Use Your Words - 1, 2, 3

This is a Bonus Edition of Use Your Words

While I used the ones I got to tell you about out Office "Christmas" Dinner  I submitted the following "words" (I thought they were cool): 

1,2,3 ~ 4-leaf clover ~ 5 a day ~ 7/11 ~ 9 to 5

Jenniy did really well, check out her post here! Other bloggers commented how grateful they were for not getting these difficult words, and I was like "come on! They're not THAT hard!

So today I'm here to prove it.

I posted another post called "how to get your kid to take their meds". It's light-hearted. Ugly tasting cough syrup for your usual kid's flu, you know. Colin was just getting over one - again. Or so I thought.

Instead yesterday morning he couldn't use his legs. 

He said they hurt, and he couldn't walk.

I tried not to show how shocked and worried I was. Carried him to the kitchen for breakfast. Carried him upstairs to the bathroom, trying to think of something to do other than crying and hoping it would go away on its own.

Did I mention I work on Fridays. 

Well, not this Friday. 

It is not always beneficial to work for my husband, but on occasions like this? He'll gladly ask me not to go to the office and instead to take care of our son! I'm pretty sure what he meant was "call our pediatrician and make an appointment".

As friendly as our doc is, his reachability and his availability isn't. It's a 9 to 5 office. Even at this time of year, cough, sniffle, sneeze!

So I carried my son down to the garage, and we were on our way to the hospital. My plan was to arrive at the kids' ER before the big rush, and we were lucky enough to be triaged and placed in an exam room pretty much right away. 

It may have helped that I carried my 7 year old boy into the admission area with an expression on my face that said "help him NOW!" 

What I like about medical professionals - they have seen it all. They don't flinch, and they're not like "OMG, that poor baby!" They ask how long has it been going on, where does it hurt, any allergies? They take the temperature, they fill in a form, they get busy! 1,2,3!

A nurse settled us in, gave him some pain meds and applied numbing cream on the crooks of both arms for a potential blood draw later.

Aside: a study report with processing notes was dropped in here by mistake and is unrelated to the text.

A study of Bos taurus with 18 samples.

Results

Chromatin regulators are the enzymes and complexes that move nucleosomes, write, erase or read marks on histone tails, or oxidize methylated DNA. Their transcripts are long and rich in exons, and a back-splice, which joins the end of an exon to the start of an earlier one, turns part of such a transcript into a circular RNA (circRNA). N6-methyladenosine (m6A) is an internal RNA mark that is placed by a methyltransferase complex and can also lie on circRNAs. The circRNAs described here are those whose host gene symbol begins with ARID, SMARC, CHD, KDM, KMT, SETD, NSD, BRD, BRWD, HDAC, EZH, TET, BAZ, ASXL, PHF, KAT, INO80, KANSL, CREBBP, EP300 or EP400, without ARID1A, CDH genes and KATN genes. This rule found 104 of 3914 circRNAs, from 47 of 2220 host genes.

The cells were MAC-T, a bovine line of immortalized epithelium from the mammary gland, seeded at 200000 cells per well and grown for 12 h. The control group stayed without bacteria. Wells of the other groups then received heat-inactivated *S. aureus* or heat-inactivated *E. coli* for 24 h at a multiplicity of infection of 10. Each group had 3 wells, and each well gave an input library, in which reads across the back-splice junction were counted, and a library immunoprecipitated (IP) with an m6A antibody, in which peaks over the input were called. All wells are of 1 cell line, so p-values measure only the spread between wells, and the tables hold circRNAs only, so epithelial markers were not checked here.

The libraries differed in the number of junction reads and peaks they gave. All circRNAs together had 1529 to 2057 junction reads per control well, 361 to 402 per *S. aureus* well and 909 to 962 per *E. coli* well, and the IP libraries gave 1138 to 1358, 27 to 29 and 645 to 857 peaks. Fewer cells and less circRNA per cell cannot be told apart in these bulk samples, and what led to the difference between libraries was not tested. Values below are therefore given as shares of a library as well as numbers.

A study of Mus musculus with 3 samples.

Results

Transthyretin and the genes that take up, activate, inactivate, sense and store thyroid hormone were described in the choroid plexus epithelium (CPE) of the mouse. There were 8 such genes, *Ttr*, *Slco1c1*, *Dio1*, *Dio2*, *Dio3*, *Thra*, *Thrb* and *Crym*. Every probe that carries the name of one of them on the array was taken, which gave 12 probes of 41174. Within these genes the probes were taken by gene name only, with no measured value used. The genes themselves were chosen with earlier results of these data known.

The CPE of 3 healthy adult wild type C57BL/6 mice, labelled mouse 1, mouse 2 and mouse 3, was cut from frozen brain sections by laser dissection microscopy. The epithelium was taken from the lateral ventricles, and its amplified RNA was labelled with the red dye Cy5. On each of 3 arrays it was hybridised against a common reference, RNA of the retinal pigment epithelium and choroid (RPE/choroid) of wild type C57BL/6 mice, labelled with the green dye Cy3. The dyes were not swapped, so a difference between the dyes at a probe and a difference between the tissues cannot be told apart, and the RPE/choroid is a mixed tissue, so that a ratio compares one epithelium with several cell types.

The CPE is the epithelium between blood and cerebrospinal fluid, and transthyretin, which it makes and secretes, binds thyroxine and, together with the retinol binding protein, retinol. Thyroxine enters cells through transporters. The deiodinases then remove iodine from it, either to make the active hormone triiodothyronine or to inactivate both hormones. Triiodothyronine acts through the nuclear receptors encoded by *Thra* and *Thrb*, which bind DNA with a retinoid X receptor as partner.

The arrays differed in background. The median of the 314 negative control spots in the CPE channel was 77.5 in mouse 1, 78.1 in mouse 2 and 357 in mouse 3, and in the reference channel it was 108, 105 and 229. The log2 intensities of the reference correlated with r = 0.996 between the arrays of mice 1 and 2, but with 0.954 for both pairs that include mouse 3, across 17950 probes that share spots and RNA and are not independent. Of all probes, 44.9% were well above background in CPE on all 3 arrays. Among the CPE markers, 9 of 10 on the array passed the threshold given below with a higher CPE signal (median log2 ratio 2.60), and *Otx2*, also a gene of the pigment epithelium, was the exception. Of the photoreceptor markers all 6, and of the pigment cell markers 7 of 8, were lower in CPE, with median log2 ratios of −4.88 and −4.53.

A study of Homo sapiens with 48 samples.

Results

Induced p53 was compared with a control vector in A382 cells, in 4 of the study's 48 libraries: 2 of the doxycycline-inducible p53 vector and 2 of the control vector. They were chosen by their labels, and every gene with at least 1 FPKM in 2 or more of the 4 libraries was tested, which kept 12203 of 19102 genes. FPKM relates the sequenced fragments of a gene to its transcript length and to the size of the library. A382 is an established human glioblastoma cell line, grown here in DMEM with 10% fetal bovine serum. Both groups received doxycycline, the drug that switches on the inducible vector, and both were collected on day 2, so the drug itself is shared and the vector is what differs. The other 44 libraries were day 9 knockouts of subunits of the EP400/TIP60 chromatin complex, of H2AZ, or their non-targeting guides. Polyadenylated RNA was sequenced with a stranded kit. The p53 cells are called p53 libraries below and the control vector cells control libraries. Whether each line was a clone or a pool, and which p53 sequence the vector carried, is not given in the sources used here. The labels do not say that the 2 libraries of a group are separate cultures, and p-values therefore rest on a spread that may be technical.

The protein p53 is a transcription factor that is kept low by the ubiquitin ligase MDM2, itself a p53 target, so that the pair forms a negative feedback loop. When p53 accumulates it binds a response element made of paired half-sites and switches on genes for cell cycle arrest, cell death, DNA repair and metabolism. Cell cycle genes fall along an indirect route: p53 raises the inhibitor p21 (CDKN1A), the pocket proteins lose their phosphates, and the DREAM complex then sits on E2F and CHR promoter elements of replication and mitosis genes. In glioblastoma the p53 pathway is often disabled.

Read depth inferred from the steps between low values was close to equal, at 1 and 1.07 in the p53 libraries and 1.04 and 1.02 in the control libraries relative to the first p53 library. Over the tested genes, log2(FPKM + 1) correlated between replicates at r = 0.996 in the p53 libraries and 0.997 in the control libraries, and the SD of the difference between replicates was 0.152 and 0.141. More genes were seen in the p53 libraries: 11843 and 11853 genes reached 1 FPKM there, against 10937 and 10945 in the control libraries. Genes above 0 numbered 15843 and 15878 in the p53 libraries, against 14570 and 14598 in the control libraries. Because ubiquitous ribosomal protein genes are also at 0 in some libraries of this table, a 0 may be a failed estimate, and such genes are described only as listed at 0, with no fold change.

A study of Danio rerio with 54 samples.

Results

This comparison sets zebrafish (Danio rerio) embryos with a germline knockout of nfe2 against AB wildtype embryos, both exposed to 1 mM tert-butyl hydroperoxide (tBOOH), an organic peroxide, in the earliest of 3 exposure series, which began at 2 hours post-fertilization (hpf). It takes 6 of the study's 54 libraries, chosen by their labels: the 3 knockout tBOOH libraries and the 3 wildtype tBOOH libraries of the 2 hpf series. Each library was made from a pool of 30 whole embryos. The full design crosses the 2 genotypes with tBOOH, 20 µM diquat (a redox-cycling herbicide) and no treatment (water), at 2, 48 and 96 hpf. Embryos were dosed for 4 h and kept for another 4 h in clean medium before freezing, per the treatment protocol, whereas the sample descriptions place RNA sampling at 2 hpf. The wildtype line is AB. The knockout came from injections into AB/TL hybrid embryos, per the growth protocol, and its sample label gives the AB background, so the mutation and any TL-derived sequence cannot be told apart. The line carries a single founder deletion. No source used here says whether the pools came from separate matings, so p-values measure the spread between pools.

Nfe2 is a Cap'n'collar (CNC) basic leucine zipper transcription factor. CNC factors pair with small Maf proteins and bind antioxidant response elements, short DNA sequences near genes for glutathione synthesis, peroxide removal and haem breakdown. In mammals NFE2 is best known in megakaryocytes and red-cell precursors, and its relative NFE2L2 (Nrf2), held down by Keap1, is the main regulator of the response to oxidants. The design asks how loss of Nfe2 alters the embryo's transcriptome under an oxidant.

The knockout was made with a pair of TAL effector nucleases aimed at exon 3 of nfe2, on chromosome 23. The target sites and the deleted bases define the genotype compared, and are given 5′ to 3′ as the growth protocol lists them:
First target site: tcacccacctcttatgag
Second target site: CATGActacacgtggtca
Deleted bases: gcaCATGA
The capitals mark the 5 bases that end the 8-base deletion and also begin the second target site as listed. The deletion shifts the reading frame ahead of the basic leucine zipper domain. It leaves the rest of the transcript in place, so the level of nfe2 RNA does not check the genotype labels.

We were first seen by a med student who introduced herself by her first name. She was very nice, took a text book history, checked his heart and lungs, made him "walk", asked "does it hurt or does it just feel weak", smiled at him and asked what sports he liked.

When she left the room to go and present to her resident, I could tell she had no clue. 

She came back with her "boss" who introduced herself as Ms Doctor Last Name who asked the exact same questions. I immediately disliked her. Didn't she trust her friendly student? Also she directed all of her questions to me. He's 7 years old, his legs hurt, but he can talk!!!

At least she had an idea on what might be going on with him. 

Myositis, Inflammation of the muscles due to his viral infection. It happens, it goes away after a couple of days, in the meantime you give pain meds and only walk as much as you feel comfortable to. 

She still needed to confirm with her attending, she added.

Aha. Ms Doctor Last Name wasn't allowed to release us.

So we waited. I got him a chocolate milk from the vending machine. It only accepted coins. There was no coin changing machine, so I asked the lady at the admit's desk. I thought she must have a petty cash money box or something. Instead she reached for her wallet and dumped her coins on the desk. 

So even in a hospital the vending machine is full of the usual unhealthy stuff. Sodas, candy. Whatever happened to 5 a day?

We waited some more.

Then both ladies returned at let us know that their boss requested a blood draw to rule out something about the kidneys.

Our spirits dropped. 

Not only did I know that this was going to be difficult for him, but how long did we have to wait 

  1. for the blood draw?
  2. for the results?

"We're a busy hospital, the lab is usually snowed under. Just hang in there. You're welcome to check out the books in the waiting room."

"There are only books for babies", C said.

I tried to negotiate. Can't we go home, and you'll just call with the results? We can always come back?

Absolutely not. We're not to release you until we have all the facts.

Of course.

In the meantime it was almost 12 noon, our stomachs were growling. 

I assumed a trip to the cafeteria was out of question as well. Back to the nice lady at admit I went. "Isn't there some kiosk nearby, like a 7/11 where we can get a sandwich?"

I got him crackers, a mango smoothie and a Disney Planes magazine!

And we waited. It was getting old.

The blood draw did not go well. The nurse was trying to be patient and was all about "I'll be gentle, look, we'll count to three, 1,2,3! 

He withdrew his arm. 

"I don't want to!"
"Mommy, if I really have to, can't you do it?"

She was taking her sweet time, talking, preparing the area,... 

Come on, do it already, it's only getting worse!

He was screaming and crying. Poor guy. 

"I knew that this numbing cream was a scam! I knew it all along!" He was upset. 

When he calmed down, he saw a chance of making the best of if. 

"Mommy, since I was such a brave boy, do you think we could go to the toy store afterwards?"

Well, I don't know. Can you go? As in walk? From the parking lot to the store?

Didn't think so either.

With a little help, though...

4 veggies + 1 piece of chocolate = 5 a day!!!

I helped. I assembled the people and sorted all the pieces by colors.

All done!

Today is Saturday. His legs are much better. I might get to my St. Patrick's Day crafting project this weekend. Our LEGO man needs a 4-leaf clover, don't you agree?